Political Poets Collective sponsors Resistance Through Poetry event
By MAGGIE MCCOTTER
An empty stage with a single microphone sits at the front of the Underground. The atmosphere is set with background music centered around resistance and triumph. Members of the community, as well as UMW students, anxiously await the demonstration of resistance.
The first performer steps up.
She plays a musical track behind her words as they flow smoothly from her mouth to the ears of the packed room. Everyone leans forward to pay attention, to respect the way she resists and to hear her cry for justice. She ends her poem with a shout for equality, for recognition, and the room goes silent. Not a moment later, applause thunders throughout the small room and a smile graces her face. She is heard, and she is proud.
On Friday, February 2, the Underground held an event hosted by the Political Poets Collective in partnership with the James Farmer Multicultural Center as part of Black History Month. The goal of the night was to highlight struggles of minorities and resistance through poetry. Students from all different walks of life volunteered to share the way they resist oppression and discrimination by participating in Resistance Through Poetry.
Carmen Florez, a super senior double majoring in music and international affairs, said that this was her first event sharing her thoughts and beliefs. She decided to participate because “the political tension is something that has to be discussed.” Florez also said that she is “unapologetic” about the way she is resisting because she wants to “bring awareness to Hispanic and women’s issues.”
Florez also shared that Resistance Through Poetry is extremely personal to her because her mother immigrated to America and Florez was raised hearing her mother’s stories of difficulty and success. Florez continues to resist and “express herself in these situations” because someone has to “start the dialogue.” She was the first speaker of the night and kicked off the evening of poetry with an original song.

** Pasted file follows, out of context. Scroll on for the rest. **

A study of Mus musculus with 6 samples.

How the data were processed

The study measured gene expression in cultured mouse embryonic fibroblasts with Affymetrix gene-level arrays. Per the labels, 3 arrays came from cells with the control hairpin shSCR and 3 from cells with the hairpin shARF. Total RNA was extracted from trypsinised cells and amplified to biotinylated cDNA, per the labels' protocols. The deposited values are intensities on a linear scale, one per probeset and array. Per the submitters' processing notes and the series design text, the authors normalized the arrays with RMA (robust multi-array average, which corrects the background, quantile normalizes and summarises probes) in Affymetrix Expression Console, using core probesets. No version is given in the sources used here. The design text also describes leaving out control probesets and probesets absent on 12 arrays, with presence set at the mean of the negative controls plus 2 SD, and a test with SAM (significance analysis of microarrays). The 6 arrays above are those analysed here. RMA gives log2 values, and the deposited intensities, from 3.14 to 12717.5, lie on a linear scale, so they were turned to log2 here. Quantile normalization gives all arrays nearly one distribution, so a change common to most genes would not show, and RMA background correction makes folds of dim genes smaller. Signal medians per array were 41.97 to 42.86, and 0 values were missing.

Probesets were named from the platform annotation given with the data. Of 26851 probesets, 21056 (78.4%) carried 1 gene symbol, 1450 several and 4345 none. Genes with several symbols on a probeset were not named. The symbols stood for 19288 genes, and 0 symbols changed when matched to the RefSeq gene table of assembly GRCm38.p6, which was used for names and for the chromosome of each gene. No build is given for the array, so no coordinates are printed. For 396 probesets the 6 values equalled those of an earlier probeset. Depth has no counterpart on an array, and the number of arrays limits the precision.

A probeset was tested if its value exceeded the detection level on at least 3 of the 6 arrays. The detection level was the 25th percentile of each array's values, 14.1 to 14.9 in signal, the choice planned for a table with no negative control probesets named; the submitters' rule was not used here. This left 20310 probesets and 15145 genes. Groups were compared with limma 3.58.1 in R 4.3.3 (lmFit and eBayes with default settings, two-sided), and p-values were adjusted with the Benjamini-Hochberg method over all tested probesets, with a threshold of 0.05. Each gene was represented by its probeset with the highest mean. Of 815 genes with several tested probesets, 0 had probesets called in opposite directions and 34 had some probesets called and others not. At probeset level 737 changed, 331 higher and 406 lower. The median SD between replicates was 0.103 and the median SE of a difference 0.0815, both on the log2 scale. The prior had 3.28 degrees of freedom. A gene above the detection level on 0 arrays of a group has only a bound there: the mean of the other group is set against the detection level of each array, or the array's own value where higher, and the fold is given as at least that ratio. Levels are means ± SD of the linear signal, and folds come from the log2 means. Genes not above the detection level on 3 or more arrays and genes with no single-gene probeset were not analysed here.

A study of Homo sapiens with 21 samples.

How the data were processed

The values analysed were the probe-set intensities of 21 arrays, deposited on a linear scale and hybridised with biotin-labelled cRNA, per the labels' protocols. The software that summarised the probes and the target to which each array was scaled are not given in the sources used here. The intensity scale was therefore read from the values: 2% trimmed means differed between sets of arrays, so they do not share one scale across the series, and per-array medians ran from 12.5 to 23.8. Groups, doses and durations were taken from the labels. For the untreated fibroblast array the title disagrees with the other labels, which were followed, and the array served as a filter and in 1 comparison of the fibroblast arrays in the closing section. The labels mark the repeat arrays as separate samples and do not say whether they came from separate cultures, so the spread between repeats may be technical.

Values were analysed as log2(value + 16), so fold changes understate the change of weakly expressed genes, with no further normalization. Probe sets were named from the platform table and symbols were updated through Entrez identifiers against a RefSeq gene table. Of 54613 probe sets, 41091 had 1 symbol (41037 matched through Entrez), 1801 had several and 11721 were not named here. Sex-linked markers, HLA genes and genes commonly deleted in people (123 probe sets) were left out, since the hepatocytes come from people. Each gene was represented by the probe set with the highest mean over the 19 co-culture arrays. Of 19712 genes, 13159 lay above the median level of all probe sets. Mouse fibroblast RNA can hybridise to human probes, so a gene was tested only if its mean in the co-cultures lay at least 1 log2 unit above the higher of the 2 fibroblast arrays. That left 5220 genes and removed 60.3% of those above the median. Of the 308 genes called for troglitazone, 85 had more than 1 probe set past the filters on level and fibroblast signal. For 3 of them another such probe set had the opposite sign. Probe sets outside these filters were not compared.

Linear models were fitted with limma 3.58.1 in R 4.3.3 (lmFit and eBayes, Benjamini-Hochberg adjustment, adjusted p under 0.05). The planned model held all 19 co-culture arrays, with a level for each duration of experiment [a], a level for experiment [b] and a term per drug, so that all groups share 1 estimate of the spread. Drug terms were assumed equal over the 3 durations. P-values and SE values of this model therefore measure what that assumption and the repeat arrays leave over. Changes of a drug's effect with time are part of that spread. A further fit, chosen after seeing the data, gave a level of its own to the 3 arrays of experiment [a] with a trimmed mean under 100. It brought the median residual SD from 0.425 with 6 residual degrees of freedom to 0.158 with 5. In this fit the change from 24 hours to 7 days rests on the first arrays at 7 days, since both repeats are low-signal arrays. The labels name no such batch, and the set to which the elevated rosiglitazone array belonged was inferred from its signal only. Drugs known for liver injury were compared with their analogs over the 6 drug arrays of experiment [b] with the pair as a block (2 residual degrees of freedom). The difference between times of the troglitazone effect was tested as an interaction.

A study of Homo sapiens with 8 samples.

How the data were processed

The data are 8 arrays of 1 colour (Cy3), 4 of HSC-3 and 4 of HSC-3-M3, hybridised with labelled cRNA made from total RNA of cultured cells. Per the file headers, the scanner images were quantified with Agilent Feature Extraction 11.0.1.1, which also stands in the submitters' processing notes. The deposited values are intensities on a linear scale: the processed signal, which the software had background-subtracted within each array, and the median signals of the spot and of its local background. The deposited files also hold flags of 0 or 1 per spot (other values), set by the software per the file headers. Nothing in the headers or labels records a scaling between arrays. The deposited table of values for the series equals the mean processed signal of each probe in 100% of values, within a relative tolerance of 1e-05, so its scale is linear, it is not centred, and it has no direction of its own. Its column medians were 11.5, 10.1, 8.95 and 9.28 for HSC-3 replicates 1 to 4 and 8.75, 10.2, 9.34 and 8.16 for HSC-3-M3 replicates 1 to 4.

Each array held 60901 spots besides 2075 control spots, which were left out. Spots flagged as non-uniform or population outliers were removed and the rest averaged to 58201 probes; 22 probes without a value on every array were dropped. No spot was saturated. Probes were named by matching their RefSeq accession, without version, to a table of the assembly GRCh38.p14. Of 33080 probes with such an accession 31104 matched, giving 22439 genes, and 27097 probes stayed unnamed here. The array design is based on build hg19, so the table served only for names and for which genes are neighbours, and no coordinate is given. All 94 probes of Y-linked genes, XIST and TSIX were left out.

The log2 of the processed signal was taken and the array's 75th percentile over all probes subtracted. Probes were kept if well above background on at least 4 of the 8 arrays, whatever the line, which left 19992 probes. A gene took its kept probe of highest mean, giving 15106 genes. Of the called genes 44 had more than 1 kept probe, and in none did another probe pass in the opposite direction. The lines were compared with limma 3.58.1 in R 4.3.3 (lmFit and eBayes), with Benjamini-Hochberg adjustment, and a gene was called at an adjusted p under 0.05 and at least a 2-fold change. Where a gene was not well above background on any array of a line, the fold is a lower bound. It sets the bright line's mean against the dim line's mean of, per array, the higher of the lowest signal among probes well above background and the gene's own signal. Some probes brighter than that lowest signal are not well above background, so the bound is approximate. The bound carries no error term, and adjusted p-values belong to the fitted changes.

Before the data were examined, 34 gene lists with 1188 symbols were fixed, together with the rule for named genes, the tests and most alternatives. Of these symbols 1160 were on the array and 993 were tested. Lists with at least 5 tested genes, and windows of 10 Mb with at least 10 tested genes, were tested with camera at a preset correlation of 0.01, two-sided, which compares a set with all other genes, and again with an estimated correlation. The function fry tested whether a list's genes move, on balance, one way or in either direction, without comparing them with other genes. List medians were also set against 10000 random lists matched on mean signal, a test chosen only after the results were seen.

The majority of the poems read by UMW students were original work about their own personal struggles. Every single performer was passionate about what they had to say and the topics were extremely diverse. The poems featured a variety of topics including rape, becoming openly gay, environmental issues, the disrespect many people have for their homeland, and many other equally important issues.
After a short intermission, the master of ceremonies invited the main event to the stage. Venessa Marco, a famous activist poet visiting from Harlem, New York, stepped up onto the platform and gave a riveting performance. She shared three poems about her current and past struggles, as well as what can be done in the future to make the planet a better place for all people. Marco’s parents are from Cuba and Puerto Rico, and she draws much of her poetic inspiration from the culture and oppression in those two countries.
After Marco had shared her pieces, more UMW students were able to share their own poems about current issues. Milen Mahari, vice president of the Political Poets Collective, shared an extremely moving piece about the refugee crisis and how she is personally affected. The audience was enraptured by the way she spoke and the passion in her words. As the night wrapped up, a final message was pressed upon the audience; we are all a family and we are all united.
When the event was over, Sebrine Abdulkadir, a junior majoring in international affairs with a minor in social justice and the president of the Political Poets Initiative, described the process of putting together Resistance Through Poetry. She stated that this event was created as a “free space to express social injustices, while also hearing different perspectives.” Abdulkadir also explained that the most rewarding part of the event was all of the reactions from people attending and the opportunity to kick off Black History Month.
For more information on the Political Poets Collective, email to group at email@example.com or follow them on Instagram @umwpoets.